In MI, focusing is essential as it helps both the mentor and mentee identify and clarify the direction of change. This process involves several key aspects:
Focusing helps in narrowing down the conversation to the most critical areas where change is desired, making the meetings more efficient and goal-oriented.
Focusing also aids in addressing ambivalence, which is a common barrier to change. By concentrating on specific goals and values, clients can more easily recognize the discrepancies between their current behaviors and their desired outcomes.
Focusing provides our conversations with a sense of direction.
If you imagine MI on a journey, where your mentee selects different directions, depending on their destination
It is important that you keep in mind that focusing is a specific, collaborative, and ongoing process.
Specific goals or desired outcomes should be set to provide a sense of direction for the process.
Both the mentor and the mentee need to decide on the direction of the process.
The direction may shift and change over time as your mentee grows.
This may require going back into the lane that is focusing.
While this process is a collaborative one, it is your responsibility as a mentor to ensure that a direction for focusing is established. This can be a somewhat difficult task if you’re having trouble finding an appropriate direction. As such, it can be important to look at the three most common sources of focus.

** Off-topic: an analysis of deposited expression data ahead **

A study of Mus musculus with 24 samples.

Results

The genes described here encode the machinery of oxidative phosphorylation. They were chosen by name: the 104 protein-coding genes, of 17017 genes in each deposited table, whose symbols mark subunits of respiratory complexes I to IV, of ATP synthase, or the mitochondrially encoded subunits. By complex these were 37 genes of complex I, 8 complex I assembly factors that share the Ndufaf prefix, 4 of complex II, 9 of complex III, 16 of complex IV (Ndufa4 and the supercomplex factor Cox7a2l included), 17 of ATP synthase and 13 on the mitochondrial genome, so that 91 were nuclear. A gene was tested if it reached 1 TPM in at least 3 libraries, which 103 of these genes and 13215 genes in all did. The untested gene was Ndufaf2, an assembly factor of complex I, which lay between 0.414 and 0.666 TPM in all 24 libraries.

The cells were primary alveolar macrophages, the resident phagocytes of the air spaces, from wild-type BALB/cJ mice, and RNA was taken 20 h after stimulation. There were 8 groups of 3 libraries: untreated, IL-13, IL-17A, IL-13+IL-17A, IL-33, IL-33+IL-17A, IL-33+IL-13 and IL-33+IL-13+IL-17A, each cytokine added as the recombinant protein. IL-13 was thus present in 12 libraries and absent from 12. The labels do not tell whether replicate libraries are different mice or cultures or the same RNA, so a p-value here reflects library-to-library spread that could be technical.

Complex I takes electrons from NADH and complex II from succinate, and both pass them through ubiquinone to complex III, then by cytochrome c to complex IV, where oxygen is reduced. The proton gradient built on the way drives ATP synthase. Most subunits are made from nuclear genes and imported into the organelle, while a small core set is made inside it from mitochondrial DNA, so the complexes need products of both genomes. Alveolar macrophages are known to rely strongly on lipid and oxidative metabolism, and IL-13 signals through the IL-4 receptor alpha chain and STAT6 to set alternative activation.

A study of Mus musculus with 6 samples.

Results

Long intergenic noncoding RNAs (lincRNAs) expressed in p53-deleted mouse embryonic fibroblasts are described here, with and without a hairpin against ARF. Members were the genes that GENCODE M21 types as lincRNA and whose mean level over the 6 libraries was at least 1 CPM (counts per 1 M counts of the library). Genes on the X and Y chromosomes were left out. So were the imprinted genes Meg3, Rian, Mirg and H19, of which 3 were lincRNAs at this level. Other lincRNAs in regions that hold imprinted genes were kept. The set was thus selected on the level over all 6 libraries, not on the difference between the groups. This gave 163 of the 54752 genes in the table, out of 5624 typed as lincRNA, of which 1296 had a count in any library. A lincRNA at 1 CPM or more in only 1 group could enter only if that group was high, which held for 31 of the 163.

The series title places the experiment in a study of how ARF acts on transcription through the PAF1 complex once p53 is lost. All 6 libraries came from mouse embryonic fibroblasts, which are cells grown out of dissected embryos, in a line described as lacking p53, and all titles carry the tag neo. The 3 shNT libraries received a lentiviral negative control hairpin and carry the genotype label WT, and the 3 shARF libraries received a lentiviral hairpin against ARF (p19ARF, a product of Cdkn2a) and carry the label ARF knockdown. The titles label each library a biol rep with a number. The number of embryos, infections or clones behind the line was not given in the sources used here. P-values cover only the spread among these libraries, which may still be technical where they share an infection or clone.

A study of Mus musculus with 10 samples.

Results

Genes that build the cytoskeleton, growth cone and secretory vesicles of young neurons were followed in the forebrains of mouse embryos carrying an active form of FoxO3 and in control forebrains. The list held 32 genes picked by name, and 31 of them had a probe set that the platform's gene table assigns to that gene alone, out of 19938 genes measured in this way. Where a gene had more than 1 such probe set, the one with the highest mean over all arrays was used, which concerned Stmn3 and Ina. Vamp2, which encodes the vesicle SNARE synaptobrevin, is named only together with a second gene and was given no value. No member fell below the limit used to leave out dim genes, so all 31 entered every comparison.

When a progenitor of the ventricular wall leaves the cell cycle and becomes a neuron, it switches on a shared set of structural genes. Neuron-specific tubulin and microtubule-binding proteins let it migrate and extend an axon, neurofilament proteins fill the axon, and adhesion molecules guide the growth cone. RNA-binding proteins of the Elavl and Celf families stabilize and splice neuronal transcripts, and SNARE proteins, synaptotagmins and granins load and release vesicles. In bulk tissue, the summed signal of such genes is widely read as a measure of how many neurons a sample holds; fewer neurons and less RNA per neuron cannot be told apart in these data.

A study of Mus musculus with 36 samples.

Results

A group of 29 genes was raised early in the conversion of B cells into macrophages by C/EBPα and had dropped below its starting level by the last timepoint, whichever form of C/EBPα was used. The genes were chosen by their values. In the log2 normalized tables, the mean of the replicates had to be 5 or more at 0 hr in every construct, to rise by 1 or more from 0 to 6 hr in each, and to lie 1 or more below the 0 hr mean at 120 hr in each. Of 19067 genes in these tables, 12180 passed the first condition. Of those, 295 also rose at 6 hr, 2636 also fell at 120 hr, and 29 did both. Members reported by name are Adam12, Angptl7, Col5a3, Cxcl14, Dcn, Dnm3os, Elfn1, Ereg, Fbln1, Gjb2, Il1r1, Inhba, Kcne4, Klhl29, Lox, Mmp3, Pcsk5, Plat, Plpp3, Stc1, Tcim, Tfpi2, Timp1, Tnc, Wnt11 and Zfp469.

Some mentoring programs have a specific focus or desired outcome. This may include a developmental focus, a focus on building mental health skills, or even learning career development skills. If you’re part of a program that has a specific and intentional plan for mentees, be sure to make sure your focus includes that outcome.
Usually, the focus of your relationship will come directly from your mentee (if not the program). These will be the goals or challenges that they would like to work on with you. Are they struggling with school? Are they having a hard time making friends?
However, as mentioned earlier, be careful not to attach to the first problem that your mentee raises, as it may not be the their main challenge or goal.
As the mentor, you can also be a source of focus due to its collaborative nature. As humans we all have our blind spots, and as a mentor you are there to notice the problems that the mentee may not even realize they have. This can be accomplished by connecting dots in their stories and then helping them identify areas for change based on those connections.
This does not mean that just because you have discovered an area for change that your mentee will agree. Again, this is a collaborative process.
After you discuss potential areas to focus on in your relationship with your mentee, collaboratively work together to figure out what you will work on first and adjust as needed.